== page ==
The Dallas Wings had some problems last season, according to head coach Fred Williams. Their names included Sylvia Fowles, Jonquel Jones, Tina Charles, and Brittney Griner.
The team had strengths, too, including All-Star Skylar Diggins, WNBA Rookie of the Year Allisha Gray, and intrepid power forward Glory Johnson.
On Monday, the franchise officially introduced a solution to its problems, one they also hope will enhance its strong points.
The Wings imported Liz Cambage, the Australian national team’s starting center.
In her introductory press conference, Cambage laughed about there not being “not too many 6-8 girls going on” in basketball. During the two seasons they’ve played at the College Park Center, the Wings have been painfully aware of that fact, because none of the game’s top-flight centers, 6-8 or otherwise, played for their side. That made stopping the rest of the league’s top post players a challenge. Williams noted that at times he had to send two and sometimes more defenders at the league’s top inside scorers. He hopes Cambage can improve that situation.
The center, he said, will be “a big factor for us, especially on the defensive end. Last year, I thought we suffered a little bit in transition defense when points were scored against us in some situations in halfcourt, getting inside the paint. With her size and ability to block shots, to intimidate people from taking shots, it’s only going to help the perimeter players even more to not go to the boards as much, but get more runouts going down the floor,” the Wings head coach explained.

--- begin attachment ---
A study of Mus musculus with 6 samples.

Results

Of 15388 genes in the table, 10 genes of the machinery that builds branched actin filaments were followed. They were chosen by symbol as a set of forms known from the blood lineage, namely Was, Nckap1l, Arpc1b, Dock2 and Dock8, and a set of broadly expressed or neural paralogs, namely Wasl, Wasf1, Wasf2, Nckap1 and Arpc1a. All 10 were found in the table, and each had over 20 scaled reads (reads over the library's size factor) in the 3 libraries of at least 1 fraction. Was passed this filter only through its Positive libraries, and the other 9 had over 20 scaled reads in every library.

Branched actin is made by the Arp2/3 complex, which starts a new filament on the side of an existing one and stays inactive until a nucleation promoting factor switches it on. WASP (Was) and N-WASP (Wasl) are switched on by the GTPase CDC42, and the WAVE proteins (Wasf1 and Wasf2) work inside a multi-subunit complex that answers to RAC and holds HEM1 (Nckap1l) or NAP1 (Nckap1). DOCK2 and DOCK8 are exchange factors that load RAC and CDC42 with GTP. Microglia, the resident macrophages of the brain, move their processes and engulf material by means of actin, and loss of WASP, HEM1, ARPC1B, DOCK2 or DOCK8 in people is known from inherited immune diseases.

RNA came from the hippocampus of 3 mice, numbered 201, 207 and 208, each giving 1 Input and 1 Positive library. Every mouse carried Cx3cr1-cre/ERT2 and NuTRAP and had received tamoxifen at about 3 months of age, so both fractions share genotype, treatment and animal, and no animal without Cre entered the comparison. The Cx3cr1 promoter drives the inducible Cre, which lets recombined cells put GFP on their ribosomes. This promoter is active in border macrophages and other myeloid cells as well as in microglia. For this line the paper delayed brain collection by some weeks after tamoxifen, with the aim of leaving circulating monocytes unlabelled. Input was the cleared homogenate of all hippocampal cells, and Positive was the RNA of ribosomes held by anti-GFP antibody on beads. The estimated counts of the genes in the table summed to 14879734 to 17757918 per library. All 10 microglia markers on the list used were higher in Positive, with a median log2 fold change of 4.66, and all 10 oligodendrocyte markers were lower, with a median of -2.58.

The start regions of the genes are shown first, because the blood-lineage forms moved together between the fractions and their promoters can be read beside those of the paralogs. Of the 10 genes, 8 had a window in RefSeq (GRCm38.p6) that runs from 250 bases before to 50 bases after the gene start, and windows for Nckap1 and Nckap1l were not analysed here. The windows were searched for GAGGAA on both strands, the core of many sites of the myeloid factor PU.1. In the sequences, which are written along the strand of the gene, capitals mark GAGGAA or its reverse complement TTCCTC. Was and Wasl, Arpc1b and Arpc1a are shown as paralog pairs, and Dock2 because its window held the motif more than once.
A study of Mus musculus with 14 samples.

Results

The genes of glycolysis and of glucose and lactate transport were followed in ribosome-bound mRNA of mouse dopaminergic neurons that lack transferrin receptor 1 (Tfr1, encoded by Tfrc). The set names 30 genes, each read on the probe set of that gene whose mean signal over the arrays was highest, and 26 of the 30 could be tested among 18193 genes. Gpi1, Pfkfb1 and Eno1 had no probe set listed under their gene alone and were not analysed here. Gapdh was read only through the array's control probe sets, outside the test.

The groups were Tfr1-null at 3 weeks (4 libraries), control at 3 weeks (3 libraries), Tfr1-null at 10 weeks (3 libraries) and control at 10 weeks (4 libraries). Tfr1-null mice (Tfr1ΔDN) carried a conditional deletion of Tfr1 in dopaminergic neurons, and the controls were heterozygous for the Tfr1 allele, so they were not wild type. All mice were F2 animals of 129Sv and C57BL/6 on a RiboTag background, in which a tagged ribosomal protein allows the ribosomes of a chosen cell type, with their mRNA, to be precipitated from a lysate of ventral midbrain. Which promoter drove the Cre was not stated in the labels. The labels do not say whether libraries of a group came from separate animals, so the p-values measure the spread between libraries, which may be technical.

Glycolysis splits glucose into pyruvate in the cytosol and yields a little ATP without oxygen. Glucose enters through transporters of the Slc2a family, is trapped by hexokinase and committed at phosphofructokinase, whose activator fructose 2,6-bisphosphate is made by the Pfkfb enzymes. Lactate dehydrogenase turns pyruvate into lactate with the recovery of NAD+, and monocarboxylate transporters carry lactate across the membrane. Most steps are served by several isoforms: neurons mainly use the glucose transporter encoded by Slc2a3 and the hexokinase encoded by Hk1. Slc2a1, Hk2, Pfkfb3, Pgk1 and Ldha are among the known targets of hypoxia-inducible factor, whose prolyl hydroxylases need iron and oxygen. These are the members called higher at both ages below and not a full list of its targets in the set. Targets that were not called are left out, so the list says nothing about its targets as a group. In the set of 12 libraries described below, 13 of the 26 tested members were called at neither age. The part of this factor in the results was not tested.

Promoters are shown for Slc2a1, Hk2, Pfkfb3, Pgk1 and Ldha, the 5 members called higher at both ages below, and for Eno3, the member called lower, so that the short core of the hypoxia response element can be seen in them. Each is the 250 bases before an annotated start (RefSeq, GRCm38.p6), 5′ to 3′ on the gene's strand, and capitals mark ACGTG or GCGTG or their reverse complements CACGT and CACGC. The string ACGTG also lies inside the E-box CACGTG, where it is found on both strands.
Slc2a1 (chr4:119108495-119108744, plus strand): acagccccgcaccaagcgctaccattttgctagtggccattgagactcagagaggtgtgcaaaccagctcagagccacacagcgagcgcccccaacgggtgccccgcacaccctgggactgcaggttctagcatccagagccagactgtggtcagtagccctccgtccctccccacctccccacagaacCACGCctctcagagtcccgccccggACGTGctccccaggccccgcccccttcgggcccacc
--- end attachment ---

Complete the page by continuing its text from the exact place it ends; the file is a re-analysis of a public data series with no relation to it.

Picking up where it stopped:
The Australian should contribute on the offensive end as well. She averaged 23.1 points a game with Melbourne in Australia’s top league last season. But Wings General Manager Greg Bibb believes her presence will also make her teammates better, especially the talented group of perimeter players he’s assembled.
“With Liz in the middle, teams are going to have to play us a little more honestly on the defensive end, which will make more opportunity and more space for our perimeter,” he said. “We struggled a bit last year in terms of field goal percentage, and in particular three-point field goal, percentage, because we were played tighter than most. So I think it’s going to have a compounding positive effect having Liz on the court.”
“I like to open up the lanes for the guards,” Cambage said.
The Wings showed talent and resolve last season, but didn’t quite have the complete roster needed to compete for a championship. With all their key players returning, however, and a world-class player like Cambage filling the one glaring hole in the lineup, they could be poised to challenge for a title. Bibb was guarded with his language in proclaiming his team to be one of the league’s best, but he was clearly excited by what adding one of the world’s best players means for his unit.
“It’s hard to win,” he said. “Every team has talent. But when I look at our roster today, 1-12, I feel really good about where we stand. And I’m excited to add her [Cambage] to this young, talented core of players we have.”
The offseason is about solving problems. Last year, the team effectively addressed roster balance and outside offense. In 2018, they hope they’ve taken care of everything else.